There’s no denying that Apple has become something of a cult brand. Here we are in 2016, and Apple is the second largest company in the world, just behind the almighty Google. Of course, it’s not market share that makes Apple such a big shot: it’s profitability. The company has managed to convince its relatively wealthy clientele that it, and it alone can provide for their computing needs. The result? A seemingly endless stream of profitability that’s driven back into new and interesting products.
But what about the other side of the aisle? The PC is something that many Apple fans forgot about a long time ago. It’s not sexy, and it’s fairly unwieldy and ugly. And complicated. Perhaps the PC isn’t ideal for the consumer market. But is it any good for business? That’s what we’re about to find out.
Macs Are Seriously Costly
Everybody already knows that Apple Macs are among the most expensive computers in the world. Most reviewers like to say that Apple platforms aren’t “budget-friendly.” But this is something of a euphemism. The problem here is that Apples if stripped down to their component parts, carry an enormous premium over PC. An Apple Mac can often cost 40 percent more than a PC with the same spec.
Apple supporters and defenders say that this extra cost is worth it, because of higher reliability. But that’s not necessarily the case. Apple has been a company that has regularly been embroiled in planned obsolescence scandals. Getting an Apple iMac repair is a more frequent occurrence than most would think.
PCs, on the other hand, are cheaper, even if they’re replaced regularly. The average PC is expected to last around five years before needing to be upgraded. You can bag a decent work PC for around $500. You can also swap out aging components, like hard drives, and put new components in relatively easily.
PCs Are Networking Champs
Then there’s the fact that Microsoft has business customers the center of its design philosophy. The whole point of Microsoft’s network functionality is to make doing business easier for small businesses. Macs just aren’t built with the same compatibility in mind. It’s a compromise. Macs are more rigid when it comes to networking because being more flexible would introduce new issues. The whole idea is to be able to plug-and-play. So Mac has decided to limit options to make this process easier.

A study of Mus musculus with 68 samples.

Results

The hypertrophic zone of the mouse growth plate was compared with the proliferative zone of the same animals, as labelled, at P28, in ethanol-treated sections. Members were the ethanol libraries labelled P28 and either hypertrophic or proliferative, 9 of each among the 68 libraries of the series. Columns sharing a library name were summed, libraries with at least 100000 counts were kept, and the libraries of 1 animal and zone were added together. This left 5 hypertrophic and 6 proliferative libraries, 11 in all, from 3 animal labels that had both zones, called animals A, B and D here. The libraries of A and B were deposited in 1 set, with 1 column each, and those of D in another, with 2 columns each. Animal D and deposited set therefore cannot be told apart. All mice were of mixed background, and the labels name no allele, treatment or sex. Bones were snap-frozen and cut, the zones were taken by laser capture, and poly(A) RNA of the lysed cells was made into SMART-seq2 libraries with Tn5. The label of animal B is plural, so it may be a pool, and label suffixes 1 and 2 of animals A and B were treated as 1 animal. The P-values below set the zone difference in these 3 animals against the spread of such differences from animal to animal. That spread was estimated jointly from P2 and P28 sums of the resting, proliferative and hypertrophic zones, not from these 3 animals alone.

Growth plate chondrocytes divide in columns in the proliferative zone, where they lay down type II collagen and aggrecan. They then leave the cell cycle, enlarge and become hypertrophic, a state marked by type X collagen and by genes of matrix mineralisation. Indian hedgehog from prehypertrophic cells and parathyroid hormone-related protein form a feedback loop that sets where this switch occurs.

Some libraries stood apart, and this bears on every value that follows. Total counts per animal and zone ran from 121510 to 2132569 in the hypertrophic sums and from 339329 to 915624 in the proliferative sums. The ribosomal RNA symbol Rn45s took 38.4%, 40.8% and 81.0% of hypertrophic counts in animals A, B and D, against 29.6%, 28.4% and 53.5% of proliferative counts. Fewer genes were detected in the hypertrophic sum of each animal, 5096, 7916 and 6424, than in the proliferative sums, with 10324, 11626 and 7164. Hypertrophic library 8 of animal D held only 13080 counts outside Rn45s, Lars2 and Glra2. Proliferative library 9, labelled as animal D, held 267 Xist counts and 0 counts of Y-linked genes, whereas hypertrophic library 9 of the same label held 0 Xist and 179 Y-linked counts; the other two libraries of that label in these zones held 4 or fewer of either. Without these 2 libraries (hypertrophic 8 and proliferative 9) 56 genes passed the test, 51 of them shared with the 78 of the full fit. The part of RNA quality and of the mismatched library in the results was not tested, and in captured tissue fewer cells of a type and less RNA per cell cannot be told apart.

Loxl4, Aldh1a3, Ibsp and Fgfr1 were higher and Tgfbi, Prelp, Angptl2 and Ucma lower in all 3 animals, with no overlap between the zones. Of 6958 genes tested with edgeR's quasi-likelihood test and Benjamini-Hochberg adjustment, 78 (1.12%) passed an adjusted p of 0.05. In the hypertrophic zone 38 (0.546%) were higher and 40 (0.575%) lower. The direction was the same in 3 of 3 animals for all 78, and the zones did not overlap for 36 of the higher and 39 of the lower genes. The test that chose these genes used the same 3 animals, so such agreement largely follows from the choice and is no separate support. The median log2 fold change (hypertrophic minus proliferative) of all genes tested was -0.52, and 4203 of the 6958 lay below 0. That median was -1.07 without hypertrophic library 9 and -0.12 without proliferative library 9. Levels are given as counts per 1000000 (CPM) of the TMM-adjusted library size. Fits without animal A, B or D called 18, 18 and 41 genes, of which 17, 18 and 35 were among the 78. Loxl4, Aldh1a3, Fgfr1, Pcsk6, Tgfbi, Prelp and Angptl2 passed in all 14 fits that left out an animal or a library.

If you’re a solopreneur, then perhaps you can make a Mac work. But if you’re a larger business, it doesn’t seem like the sensible solution.
The other customization problem that Apple has pertains to its cloud services. As a consumer-facing company, Apple wants to make life as simple for its users as possible. Apple is good when it comes to cloud storage, and it’s own proprietary software. But if businesses want to implement custom solutions, it’s hard on a Mac platform. Specialization just isn’t a Mac’s strong suit.
Macs Have Better Security
Security is a problem for businesses. Inadequate security creates two major issues. The first is that apps and other software start to run slower. A buildup of malware and other viruses can soon bring your machines to their knees. The other problem is data breaches and loss of confidential information. Both can be catastrophic, especially if you run a knowledge business.
In the realm of security, Macs are widely regarded to have an advantage over PCs. The Apple platform is less ubiquitous. And as a result, hackers don’t bother concentrating their efforts on the platform to the same extent. Windows PCs, on the other hand, are the jungle and pretty much anything goes. Businesses can expect more malware and intrusion attempts on Windows-based devices.
Macs May Be More Compatible In Certain Industries
One of the justifications for Macs being more expensive is that they “just work.” A lot of that “just working” comes down to the quality of software. Go back a decade, and Macs certainly seemed to have an advantage here. But over the years, the usability of Windows has improved substantially. Now programs like Photoshop, once the preserve of creatives on the Mac, is now very intuitive on the PC.
The central question businesses need to ask themselves when it comes to software is; what is the rest of my industry using? If you’re in a creative industry, it’s very likely that your colleagues will be using Macs. It’s the defacto choice. If you’re in a non-creative industry, like finance, you’ll probably be using Windows. Choosing the same platform as your colleagues and customers helps to cut down on compatibility issues.